Seven days after urging the crew of the aircraft carrier Harry S. Truman to “clap like we’re at a strip club” to welcome aboard Vice President Mike Pence, Command Master Chief Jonas Doyle Carter stepped down from his post.
His bawdy reference ended up eclipsing the veep’s visit as CNN and other news outlets seized on his gaffe. Pence had come aboard to announce the administration was abandoning cost-cutting efforts to decommission Truman and instead would mark the Nimitz-class carrier for a midlife Refueling Complex Overhaul in Norfolk.
In the wake of his strip club quip, Truman’s spokeswoman, Lt. Cmdr. Laura Stegherr, called Carter’s words “inappropriate” and said the issue was "being addressed by Truman’s leadership.”
Following a brief Tuesday announcement by Pentagon officials that Carter had resigned and was pursuing retirement, Truman’s official Facebook page published prepared statements from both Carter, the flattop’s senior enlisted sailor and his skipper, Capt. Nick Dienna.
Navy officials said Tuesday that Master Chief Claude Henderson, who is currently stationed at Fleet Logistics Center Norfolk, will be assigned as Truman’s Command Master Chief, beginning in early June. In the interim, Truman’s Air Department leading chief petty officer, Master Chief Bob Stumm, will be the carrier’s command master chief, as he has done on previous occasions in the absence of Carter.
A Michigan native who enlisted nearly 28 years ago, Carter, 46, used his Facebook statement to address the carrier’s crew, telling them that he made a mistake, owned it and would accept responsibility and learn from it.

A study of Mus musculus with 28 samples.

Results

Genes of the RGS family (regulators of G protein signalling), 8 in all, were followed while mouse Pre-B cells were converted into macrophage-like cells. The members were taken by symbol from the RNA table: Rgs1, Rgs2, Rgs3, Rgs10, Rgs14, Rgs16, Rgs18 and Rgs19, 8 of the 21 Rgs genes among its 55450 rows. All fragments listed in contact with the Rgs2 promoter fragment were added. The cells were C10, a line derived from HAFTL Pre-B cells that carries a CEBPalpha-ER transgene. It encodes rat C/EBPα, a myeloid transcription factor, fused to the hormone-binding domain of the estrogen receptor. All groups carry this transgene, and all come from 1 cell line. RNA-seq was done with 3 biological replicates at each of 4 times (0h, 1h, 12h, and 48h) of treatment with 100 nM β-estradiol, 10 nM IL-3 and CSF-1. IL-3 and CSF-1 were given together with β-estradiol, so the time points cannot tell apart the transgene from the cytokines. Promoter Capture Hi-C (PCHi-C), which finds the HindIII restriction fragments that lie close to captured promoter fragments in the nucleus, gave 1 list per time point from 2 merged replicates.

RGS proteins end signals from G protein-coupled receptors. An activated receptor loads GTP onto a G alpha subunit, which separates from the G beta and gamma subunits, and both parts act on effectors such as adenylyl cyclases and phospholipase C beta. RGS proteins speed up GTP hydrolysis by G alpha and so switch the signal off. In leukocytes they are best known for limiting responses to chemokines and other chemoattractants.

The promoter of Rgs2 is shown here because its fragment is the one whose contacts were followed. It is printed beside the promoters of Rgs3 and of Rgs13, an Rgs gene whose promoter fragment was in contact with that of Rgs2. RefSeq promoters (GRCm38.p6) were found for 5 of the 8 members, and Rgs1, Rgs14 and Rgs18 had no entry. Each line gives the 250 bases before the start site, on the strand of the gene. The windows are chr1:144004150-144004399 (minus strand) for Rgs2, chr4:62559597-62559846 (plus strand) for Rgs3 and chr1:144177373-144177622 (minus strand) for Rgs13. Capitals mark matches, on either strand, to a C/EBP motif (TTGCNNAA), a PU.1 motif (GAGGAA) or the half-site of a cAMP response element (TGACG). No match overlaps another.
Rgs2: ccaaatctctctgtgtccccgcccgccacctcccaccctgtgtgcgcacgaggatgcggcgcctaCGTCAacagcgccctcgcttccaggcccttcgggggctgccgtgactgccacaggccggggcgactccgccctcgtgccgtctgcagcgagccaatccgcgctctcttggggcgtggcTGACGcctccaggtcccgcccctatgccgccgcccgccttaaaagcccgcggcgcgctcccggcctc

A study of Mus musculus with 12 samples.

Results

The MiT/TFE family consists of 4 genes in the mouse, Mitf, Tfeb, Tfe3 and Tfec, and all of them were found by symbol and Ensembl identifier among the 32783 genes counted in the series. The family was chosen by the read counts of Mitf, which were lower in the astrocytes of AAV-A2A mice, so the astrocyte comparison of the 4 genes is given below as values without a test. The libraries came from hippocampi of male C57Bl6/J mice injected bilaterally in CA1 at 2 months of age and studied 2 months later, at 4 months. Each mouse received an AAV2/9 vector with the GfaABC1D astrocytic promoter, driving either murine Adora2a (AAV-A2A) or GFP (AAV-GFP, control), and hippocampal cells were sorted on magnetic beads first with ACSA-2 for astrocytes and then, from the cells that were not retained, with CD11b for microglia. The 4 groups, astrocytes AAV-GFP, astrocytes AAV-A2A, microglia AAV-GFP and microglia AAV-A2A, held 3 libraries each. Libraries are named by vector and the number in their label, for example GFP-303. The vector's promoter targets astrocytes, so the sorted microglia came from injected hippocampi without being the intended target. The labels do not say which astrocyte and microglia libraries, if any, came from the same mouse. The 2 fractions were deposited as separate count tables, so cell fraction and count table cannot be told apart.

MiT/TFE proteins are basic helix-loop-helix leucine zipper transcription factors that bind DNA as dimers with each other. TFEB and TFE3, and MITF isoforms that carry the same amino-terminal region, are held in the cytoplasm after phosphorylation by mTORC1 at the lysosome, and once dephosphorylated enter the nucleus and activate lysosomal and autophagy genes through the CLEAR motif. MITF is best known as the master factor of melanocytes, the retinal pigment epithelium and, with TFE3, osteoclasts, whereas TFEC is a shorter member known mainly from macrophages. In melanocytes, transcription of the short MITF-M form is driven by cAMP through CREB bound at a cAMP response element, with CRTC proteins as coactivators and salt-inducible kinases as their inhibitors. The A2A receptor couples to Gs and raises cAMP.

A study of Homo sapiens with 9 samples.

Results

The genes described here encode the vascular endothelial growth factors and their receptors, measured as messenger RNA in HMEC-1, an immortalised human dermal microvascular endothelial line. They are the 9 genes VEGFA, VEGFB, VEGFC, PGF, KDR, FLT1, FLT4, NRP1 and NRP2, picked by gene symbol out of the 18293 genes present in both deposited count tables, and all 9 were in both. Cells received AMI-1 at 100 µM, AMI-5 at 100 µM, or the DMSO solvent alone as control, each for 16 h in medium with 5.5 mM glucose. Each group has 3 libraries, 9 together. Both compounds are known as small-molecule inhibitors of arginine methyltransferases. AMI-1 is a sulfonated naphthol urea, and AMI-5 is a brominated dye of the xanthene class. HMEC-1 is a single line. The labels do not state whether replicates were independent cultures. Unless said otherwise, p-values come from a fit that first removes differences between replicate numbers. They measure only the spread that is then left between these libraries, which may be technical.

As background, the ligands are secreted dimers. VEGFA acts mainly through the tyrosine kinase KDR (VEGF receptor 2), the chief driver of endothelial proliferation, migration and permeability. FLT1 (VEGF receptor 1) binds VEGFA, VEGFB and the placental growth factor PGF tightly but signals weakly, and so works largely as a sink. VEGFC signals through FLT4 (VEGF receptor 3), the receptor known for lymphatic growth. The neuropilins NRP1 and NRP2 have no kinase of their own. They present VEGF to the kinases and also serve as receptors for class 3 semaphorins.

“Today, I want each of you to know that I have taken full responsibility of my mistake last week and together with my family, I have decided to retire,” Carter said. "I thank you for being my ‘family’ where my family could not be... I thank you for looking each challenge in the eye and conquering it... I thank you for making my tour as your Command Master Chief the very best tour in my 28 year career!”
Carter reported to Truman on Nov. 25, 2017, more than four years after pinning on master chief, according to military records provided to Navy Times.
His long career included stints on board the minesweeper Constant, the carriers Ronald Reagan and John C. Stennis, the amphibious warship Kearsarge and the guided-missile cruiser Chancellorsville, where he served as the command master chief.
In his message, Capt. Dienna noted that Carter had worn his anchors for 17 years and “molded countless future leaders in our Navy."
He said that Carter embraced every tasking “with a fervent heart, a broad smile and a true sense of purpose,” leaving “no doubt as to what kind leader he is, or the kind of leader he wanted us all to be.”
Dienna applauded Carter for " having the forthrightness and the courage to uphold this ethos by taking responsibility and holding himself accountable for his comments."
Carter’s personal awards included at least two Meritorious Service Medals and three Navy and Marine Corps Commendation Medals, according to his service records.